A journalist is seen bleeding after police started firing tear gas and rubber bullets near the 5th police precinct following a demonstration to call for justice for George Floyd, a black man who died while in custody of the Minneapolis police in Minneapolis, Minnesota.
A journalist is seen bleeding after police started firing tear gas and rubber bullets near the 5th police precinct following a demonstration to call for justice for George Floyd, a black man who died while in custody of the Minneapolis police in Minneapolis, Minnesota.

As protesters demand an end to police brutality, demonstrations continue in cities across the country, while law enforcement and officials disperse crowds and enforce curfews. Amid a national conversation about policing tactics, the protests have led to talks about who gets to protest, how they protest, and the First Amendment.

— Priscilla Thompson (@PriscillaWT) June 2, 2020

In Minneapolis, where former police officer Derek Chauvin killed George Floyd, activists  experienced an increasingly militarized police presence along with the deployment of the National Guard. In a viral video, viewers see  law enforcement enforcing curfew in a residential neighborhood before firing paint rounds at residents on their porch.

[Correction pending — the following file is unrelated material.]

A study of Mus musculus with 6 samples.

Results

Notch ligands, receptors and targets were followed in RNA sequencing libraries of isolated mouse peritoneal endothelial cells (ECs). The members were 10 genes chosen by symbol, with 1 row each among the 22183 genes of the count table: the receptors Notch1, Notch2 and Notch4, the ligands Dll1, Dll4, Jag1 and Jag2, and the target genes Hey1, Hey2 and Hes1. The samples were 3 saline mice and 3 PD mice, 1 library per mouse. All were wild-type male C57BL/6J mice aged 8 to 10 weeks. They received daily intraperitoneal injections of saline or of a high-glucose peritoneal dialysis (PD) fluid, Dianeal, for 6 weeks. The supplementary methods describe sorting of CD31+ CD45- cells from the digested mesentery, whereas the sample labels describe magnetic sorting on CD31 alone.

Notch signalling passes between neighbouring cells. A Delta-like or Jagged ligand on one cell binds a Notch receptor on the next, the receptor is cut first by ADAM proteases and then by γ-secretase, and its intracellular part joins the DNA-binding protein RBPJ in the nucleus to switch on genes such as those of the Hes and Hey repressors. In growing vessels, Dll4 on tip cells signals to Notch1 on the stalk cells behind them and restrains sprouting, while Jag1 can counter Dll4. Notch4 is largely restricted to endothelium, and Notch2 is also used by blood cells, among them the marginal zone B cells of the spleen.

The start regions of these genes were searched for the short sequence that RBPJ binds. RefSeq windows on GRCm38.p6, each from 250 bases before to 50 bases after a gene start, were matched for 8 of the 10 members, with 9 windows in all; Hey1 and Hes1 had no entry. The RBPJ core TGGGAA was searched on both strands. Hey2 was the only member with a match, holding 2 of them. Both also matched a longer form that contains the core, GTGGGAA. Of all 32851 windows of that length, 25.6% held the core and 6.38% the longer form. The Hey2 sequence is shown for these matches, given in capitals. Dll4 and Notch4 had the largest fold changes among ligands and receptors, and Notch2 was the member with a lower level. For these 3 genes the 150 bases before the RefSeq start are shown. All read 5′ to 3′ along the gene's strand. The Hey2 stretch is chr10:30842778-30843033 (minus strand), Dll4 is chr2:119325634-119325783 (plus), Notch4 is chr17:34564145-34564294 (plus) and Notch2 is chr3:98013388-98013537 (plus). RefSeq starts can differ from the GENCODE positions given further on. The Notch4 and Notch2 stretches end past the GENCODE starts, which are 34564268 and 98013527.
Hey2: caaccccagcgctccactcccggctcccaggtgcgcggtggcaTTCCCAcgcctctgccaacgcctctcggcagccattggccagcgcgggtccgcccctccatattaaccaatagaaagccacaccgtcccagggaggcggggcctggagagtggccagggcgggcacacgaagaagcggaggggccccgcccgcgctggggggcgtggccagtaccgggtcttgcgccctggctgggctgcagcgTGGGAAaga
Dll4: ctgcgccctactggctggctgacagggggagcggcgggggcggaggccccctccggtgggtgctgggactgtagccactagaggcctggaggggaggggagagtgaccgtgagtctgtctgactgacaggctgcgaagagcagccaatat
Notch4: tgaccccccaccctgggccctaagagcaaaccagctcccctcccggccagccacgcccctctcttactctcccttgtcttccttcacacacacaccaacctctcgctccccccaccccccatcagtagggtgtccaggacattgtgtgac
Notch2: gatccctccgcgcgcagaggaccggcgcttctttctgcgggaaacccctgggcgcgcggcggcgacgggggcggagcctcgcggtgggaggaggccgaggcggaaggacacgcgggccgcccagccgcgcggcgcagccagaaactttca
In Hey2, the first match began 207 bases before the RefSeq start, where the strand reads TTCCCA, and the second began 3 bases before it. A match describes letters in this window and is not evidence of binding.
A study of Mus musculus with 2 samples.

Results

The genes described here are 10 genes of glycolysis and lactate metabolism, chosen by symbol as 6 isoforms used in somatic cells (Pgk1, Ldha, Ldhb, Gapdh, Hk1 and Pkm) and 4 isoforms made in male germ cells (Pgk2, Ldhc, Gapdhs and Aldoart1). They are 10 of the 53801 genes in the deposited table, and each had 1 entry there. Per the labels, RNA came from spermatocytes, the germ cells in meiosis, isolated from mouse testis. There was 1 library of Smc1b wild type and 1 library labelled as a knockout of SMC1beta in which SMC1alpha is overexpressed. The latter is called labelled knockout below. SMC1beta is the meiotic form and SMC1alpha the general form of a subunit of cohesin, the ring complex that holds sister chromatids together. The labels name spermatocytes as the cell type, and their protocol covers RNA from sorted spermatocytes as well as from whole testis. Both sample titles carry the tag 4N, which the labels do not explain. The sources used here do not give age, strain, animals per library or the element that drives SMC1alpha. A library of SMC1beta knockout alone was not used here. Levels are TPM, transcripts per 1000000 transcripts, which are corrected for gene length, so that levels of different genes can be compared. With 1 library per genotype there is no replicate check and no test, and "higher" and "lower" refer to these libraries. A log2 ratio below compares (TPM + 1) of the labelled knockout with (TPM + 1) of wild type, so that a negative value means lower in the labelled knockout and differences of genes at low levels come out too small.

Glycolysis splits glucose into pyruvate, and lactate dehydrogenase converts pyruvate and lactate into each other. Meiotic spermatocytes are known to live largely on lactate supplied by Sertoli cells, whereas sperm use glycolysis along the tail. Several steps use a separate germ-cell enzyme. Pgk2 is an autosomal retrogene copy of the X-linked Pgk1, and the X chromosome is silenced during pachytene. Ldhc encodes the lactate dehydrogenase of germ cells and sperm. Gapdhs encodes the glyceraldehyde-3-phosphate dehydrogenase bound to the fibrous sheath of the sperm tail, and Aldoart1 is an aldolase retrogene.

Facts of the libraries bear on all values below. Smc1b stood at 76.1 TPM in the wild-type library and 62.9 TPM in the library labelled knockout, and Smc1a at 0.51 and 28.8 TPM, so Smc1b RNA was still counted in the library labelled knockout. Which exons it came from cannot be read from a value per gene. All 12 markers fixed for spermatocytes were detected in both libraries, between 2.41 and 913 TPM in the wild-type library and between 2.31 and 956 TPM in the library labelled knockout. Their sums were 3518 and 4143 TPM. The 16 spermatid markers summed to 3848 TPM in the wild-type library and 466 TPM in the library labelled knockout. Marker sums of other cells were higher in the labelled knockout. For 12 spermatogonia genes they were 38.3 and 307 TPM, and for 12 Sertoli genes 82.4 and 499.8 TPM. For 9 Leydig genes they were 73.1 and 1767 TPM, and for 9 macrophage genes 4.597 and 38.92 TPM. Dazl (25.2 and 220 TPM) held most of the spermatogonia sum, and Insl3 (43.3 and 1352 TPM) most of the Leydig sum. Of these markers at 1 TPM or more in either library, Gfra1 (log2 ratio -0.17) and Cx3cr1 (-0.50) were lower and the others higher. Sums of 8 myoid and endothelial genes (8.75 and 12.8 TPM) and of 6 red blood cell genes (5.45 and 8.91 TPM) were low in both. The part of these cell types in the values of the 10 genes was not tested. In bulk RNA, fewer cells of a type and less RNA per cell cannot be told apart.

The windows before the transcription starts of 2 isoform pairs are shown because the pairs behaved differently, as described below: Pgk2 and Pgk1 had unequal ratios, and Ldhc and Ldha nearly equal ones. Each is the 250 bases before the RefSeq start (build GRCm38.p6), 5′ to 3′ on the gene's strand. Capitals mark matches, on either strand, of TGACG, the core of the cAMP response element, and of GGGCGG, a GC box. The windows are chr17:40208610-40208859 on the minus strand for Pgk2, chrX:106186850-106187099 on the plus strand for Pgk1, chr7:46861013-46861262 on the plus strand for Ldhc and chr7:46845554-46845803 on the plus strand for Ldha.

Meanwhile, damage and destruction swept across the city as building were set on fire and goods were taken by some individuals. But for Mike Griffin, an activist based in Minneapolis, the protests are much deeper and historical than just wanton vandalism or theft.

Here’s what he wrote for NBC:

What I want Americans to realize when they watch those images on TV is that they represent far more than the sum of the flames. Years — decades — of frustration with a society and a system that consistently devalues their lives released with this one act.

For some filmmakers, this is a moment to document what is happening on the ground in addition to watching reports and news coverage about the protests.

In an interview with IndieWire, acclaimed director and documentarian Stanley Nelson talked about that need.

Imagine if there had been no camera on George Floyd. The cameras make all the difference. Our role as documentary filmmakers is to give it context, to give it some kind of history, to go a little bit deeper. The fact that citizens are using their cameras to record these incidents had made a huge change. If people hadn’t recorded the Floyd incident, people would have said he was resisting arrest.

We’ll talk more about the protests in the present, past and how to document what’s happening. We want to hear from you, too. Have been out protesting? What have you seen? Here’s how to reach us.

Copyright 2020 WAMU 88.5. To see more, visit WAMU 88.5.